Nintendo Switch may have 4GB shared memory pool

Nintendo Switch may have 4GB of unified video and system RAM, double that of the Wii U.

3 minutes & 7 seconds read time

Nintendo's new Switch handheld console hybrid may utilize 4GB of unified system memory, somewhat like both the PS4 and Xbox One's shared video and system RAM.


Shared system RAM typically allocates and carves up the total memory across different sectors, including operating system, games, and specific GPU and CPU-specific tasks. NVIDIA's new custom Pascal Tegra SoC will likely have speedy GPU and CPU bandwidth, possibly up to 25.6GB/s, effectively alleviating some of the drawbacks of a unified memory pool. If the Switch has 4GB of unified memory, that'll effectively be double the Wii U's rather pathetic 2GB memory interface.

Many of Rogers' reports and claims have since been verified, so she has a great track record when it comes to Switch and NX reports. While Rogers doesn't outright say the console will have unified memory, a purportedly leaked Switch devkit spec sheet mentions the VRAM will be shared.

  • Four ARM Cortex-A57 cores, max 2GHz
  • NVIDIA second-generation Maxwell architecture Likely Pascal-based, not Maxwell
  • 256 CUDA cores, max 1GHz, 1024 FLOPS/cycle
  • 4GB RAM (25.6 GB/s, VRAM shared)
  • 32 GB storage (Max transfer 400 MB/s)
  • USB 2.0 & 3.0
  • 1280 x 720 6.2" IPS LCD
  • 1080p at 60 fps or 4K at 30 fps max video output
  • Capcitance method, 10-point multi-touch


Perhaps this means the Switch will upscale 720p resolution to 1080p using an internal upscaler when the system is docked for living room play, instead of hitting native 1080p while docked. Or maybe the Switch has some extra hardware within its dock to boost performance?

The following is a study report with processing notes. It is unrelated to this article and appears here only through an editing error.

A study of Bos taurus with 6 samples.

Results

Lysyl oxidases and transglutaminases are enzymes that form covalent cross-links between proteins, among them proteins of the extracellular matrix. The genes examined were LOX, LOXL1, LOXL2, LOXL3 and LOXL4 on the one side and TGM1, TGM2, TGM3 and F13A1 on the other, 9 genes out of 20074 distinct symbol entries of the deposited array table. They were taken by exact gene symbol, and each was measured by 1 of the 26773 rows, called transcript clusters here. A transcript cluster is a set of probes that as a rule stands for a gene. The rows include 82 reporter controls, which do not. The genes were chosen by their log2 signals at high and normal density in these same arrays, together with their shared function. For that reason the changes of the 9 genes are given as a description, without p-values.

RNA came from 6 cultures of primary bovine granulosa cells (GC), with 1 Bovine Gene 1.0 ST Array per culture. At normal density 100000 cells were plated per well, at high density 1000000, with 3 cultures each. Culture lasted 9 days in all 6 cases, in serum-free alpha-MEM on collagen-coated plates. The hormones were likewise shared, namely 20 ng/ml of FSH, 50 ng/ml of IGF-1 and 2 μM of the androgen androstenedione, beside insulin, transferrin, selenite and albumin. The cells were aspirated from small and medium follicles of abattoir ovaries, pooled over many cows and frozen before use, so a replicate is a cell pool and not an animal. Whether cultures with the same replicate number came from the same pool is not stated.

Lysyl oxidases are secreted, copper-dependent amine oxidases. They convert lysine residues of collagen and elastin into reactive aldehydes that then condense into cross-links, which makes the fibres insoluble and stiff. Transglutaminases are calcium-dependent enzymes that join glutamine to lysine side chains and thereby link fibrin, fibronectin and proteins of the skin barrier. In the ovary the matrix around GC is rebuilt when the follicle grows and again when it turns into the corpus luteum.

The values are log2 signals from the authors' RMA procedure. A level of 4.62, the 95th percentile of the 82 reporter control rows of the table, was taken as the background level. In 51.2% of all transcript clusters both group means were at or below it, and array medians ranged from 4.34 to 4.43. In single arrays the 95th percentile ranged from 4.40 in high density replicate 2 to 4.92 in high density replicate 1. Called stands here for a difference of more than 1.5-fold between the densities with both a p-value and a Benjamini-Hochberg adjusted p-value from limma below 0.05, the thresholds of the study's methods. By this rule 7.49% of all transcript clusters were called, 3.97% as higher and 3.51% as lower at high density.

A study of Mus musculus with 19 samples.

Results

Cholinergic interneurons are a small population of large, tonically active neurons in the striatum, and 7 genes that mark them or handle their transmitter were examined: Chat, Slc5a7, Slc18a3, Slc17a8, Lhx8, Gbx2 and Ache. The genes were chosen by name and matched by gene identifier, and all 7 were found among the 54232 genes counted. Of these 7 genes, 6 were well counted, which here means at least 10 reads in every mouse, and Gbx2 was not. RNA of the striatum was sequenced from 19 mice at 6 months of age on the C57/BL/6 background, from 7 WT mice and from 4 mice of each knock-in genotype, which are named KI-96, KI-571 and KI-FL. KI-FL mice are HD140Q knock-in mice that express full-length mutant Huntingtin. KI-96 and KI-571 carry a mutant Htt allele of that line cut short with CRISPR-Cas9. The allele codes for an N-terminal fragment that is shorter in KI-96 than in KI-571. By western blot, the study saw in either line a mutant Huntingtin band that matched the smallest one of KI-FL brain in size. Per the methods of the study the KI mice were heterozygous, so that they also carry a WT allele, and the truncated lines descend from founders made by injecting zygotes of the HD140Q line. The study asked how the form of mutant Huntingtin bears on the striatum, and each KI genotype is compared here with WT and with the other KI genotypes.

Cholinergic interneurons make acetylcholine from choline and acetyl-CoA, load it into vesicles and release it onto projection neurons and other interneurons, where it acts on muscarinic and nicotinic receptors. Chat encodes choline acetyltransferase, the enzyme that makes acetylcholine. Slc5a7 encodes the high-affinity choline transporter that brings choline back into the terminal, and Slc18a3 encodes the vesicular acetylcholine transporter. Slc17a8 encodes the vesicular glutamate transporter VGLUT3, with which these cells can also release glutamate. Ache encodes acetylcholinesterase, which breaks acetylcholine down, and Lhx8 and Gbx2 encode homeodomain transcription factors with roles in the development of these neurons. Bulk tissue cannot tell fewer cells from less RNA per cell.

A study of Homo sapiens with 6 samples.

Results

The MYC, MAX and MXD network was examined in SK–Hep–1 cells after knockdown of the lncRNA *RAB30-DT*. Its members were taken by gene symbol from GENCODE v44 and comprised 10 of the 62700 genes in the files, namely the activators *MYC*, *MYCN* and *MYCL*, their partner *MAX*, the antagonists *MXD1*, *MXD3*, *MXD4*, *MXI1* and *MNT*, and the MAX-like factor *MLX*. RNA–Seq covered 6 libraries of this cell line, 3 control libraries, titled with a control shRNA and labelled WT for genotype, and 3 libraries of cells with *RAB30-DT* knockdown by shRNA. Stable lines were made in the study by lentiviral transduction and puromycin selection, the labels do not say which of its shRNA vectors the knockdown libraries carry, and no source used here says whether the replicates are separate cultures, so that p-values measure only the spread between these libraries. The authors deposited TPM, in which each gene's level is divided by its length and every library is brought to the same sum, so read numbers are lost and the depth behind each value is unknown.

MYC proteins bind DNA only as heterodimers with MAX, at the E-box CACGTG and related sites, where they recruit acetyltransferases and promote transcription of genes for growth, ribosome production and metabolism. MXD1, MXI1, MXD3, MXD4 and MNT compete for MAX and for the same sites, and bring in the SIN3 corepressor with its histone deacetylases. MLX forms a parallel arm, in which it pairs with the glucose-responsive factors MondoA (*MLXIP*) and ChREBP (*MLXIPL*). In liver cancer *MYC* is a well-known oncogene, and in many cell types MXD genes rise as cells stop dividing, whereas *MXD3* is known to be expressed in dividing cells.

We've already had reports the Switch actually performs better while docked versus on-the-go, but Nintendo President Tatsumi Kimishima affirms the Switch handheld delivers "console quality gameplay" even while taken out and about.

If the Switch isn't as powerful in portable model versus being docked, then there's really only one way to match the two up: upscale resolution while docked, and only deliver native base 720p resolution on both modes.

Nintendo has yet to deliver full specifications of the Switch, and will not announce further details until a special presentation on January 12, 2017.

The Nintendo Switch launches in March 2017, and the company hopes to sell 2 million consoles within the system's launch.

Check below for a massive list of everything we know about the console so far, including confirmed info, reports, expectations and analyses.

Everything we know about Nintendo Switch so far:



Derek joined the TweakTown team in 2015 and has since reviewed and played 1000s of hours of new games. Derek is absorbed with the intersection of technology and gaming, and is always looking forward to new advancements. With over six years in games journalism under his belt, Derek aims to further engage the gaming sector while taking a peek under the tech that powers it. He hopes to one day explore the stars in No Man's Sky with the magic of VR.